Over recent years, we’ve seen numerous incidents of extreme weather affecting communities across Australia, and the homes and businesses located there.
From the bushfires of our 2019/20 summer to last year’s floods, the extreme weather has served as a reminder of just how vulnerable we are – and how important having the right levels of home insurance is.
As a consequence of those events, and of the predicted weather-related vulnerability that’s going to continue to impact Australia, home insurance premiums have risen significantly – while some properties in flood-prone areas, in particular, have encountered major difficulties getting cover in the first place.
Two recent reports from the Actuaries Institute have explored the impact of this on home insurance affordability and flood cost funding and discovered that in the year to the end of March 2023, home insurance premiums rose by an average of 28 percent.
For higher-risk properties, however, this figure was 50 percent.
This sharp increase in premiums has seen a consequential increase in the number of households facing home insurance affordability stress – defined by home insurance costing the equivalent of a month or more’s salary. That figure has risen from 10 percent to 12 percent, with home insurance costing an average of 8.8 weeks of annual income.
Local government areas suffering extreme home insurance affordability pressures are concentrated in Northern QLD, the Northern Rivers region of NSW, and Northern WA – and exposure to natural perils typically dominates premiums in these areas.
In addition, sums insured have also increased, contributing to the overall rise. The median and mean home insurance premiums have increased by 14 percent due to sums insured, which is an indication of inflation and supply chain shortages due to the war in Ukraine and COVID-19.
It is imperative, however, for anyone encountering home insurance stress to find a solution, as not being covered brings tremendous risk.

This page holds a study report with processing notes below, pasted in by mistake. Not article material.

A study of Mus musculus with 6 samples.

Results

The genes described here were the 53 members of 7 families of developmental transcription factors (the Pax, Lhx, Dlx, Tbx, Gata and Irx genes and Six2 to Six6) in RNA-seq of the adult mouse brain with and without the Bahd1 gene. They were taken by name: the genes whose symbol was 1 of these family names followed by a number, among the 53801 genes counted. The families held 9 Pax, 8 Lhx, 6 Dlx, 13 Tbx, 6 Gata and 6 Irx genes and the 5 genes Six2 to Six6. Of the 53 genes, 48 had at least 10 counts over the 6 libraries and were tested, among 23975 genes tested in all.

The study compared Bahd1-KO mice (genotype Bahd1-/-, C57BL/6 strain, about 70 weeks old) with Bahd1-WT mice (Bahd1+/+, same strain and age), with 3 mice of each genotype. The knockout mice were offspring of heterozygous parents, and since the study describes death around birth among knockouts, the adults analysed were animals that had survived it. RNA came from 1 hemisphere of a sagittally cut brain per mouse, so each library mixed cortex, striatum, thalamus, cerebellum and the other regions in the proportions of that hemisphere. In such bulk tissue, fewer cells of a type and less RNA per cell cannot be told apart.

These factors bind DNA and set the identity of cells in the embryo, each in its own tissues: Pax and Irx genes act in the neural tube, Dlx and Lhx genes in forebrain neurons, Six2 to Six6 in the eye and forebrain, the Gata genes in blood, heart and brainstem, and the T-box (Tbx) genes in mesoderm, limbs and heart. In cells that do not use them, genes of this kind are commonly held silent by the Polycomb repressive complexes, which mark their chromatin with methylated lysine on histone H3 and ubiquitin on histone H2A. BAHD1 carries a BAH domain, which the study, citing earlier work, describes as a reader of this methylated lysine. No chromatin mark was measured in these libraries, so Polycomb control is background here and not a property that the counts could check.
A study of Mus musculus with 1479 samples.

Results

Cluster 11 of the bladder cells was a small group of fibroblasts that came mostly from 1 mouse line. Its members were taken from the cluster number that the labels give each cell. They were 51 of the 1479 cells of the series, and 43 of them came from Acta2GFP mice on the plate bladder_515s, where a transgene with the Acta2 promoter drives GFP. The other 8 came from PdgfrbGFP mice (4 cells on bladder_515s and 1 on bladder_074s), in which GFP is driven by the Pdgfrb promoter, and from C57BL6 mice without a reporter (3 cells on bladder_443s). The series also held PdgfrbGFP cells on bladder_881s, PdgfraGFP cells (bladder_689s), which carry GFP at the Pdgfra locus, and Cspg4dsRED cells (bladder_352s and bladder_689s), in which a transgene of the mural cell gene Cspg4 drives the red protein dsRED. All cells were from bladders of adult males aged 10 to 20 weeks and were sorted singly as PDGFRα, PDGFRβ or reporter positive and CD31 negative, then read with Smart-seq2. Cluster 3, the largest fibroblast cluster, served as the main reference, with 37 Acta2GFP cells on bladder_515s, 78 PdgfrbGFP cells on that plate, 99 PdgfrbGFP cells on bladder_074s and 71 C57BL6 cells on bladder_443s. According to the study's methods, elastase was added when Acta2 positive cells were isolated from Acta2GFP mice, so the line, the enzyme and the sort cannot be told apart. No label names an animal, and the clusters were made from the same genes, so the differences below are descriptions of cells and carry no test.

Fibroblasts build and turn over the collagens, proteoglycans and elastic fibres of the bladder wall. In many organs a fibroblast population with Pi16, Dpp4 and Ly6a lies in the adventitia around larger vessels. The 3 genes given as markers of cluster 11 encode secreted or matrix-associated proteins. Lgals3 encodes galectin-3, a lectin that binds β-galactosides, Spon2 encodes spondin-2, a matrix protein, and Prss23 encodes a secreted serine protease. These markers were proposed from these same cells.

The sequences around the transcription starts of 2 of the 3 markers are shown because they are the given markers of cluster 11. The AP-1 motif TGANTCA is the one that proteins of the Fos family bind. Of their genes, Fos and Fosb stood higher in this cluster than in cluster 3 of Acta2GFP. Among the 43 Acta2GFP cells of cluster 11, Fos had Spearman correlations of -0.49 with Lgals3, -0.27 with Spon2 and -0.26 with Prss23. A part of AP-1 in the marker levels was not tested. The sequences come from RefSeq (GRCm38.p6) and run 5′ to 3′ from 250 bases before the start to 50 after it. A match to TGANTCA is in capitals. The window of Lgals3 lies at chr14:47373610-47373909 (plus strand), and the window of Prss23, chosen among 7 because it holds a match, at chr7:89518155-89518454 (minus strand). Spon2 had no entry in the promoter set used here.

“Home insurance is incredibly important for all homeowners to protect their property,” says Brad Kelly, Division Manager at Gow-Gates.
“Over the past 12-18 months, premiums have steadily risen, and as the report outlines, these increases have resulted in home insurance stress for a number of households.
“It’s essential for anyone in this position – or, indeed, anyone whose premiums have increased, to speak with their broker to ensure they have the cover they need to protect their property.”
In an additional report, the Actuaries Institute explored funding for flood costs. Flooding has caused some of the costliest natural disasters in Australia’s history, with the insured bill from the NSW Northern Rivers region floods in 2022 reaching $6bn, according to the Insurance Council of Australia.
Flood risk plays a major role in the current pressure on home insurance affordability, and flood risk now accounts for more than 50 percent of home insurance premiums for those in exposed areas, such as Southern Queensland and the Northern Rivers.
The key findings of the report include a call for governments to consider urgently introducing cost-sharing and cost-reduction measures to alleviate affordability stress; the strengthening and futureproofing of building codes and land use planning rules to improve the resilience of communities, and for everyone involved – including government and agencies – to collaborate and use technology to collect high-quality, up-to-date data to improve flood mapping and modelling.
“The insurance sector has a significant role to play, in partnership with government and other agencies and private sector businesses, to help create a sustainable way of both reducing flood risk and ensuring our homes and communities are protected,” says Brad Kelly
While significant work is being undertaken to help build more resilient communities and reduce the impact of weather-related damage, the short-term outlook points to more challenges on the horizon.
While last summer was affected by a La Niña weather pattern, which resulted in greater rain, this summer, we will experience an El Niño pattern – meaning drier weather and hotter temperatures.
The Seasonal Bushfire Outlook for 2023, recently published by the National Council for Fire and Emergency Services, outlined the increased threats posed by bushfires during the coming months, with many of those areas that suffered during the floods particularly at risk.
In a release to the media, Minister for Emergency Management, Murray Watt said: “After a few seasons of intense rainfall and floods, we know that there will be a lot of stress for communities.
“Many regions have seen lots of vegetation growth because of La Niña rainfall, which is contributing to increased risk.
"However, the Seasonal Outlook predicts more fast-moving grass and scrub fires, rather than the longer forest fires experienced in 2019-20.
“As Australia heads into its first significant fire season since Black Summer, it is crucial all three levels of government, along with emergency responders, are ready.”
Whether you’re experiencing home insurance stress or simply want to ensure your home insurance policy adequately covers your needs, speak to a Gow-Gates broker today.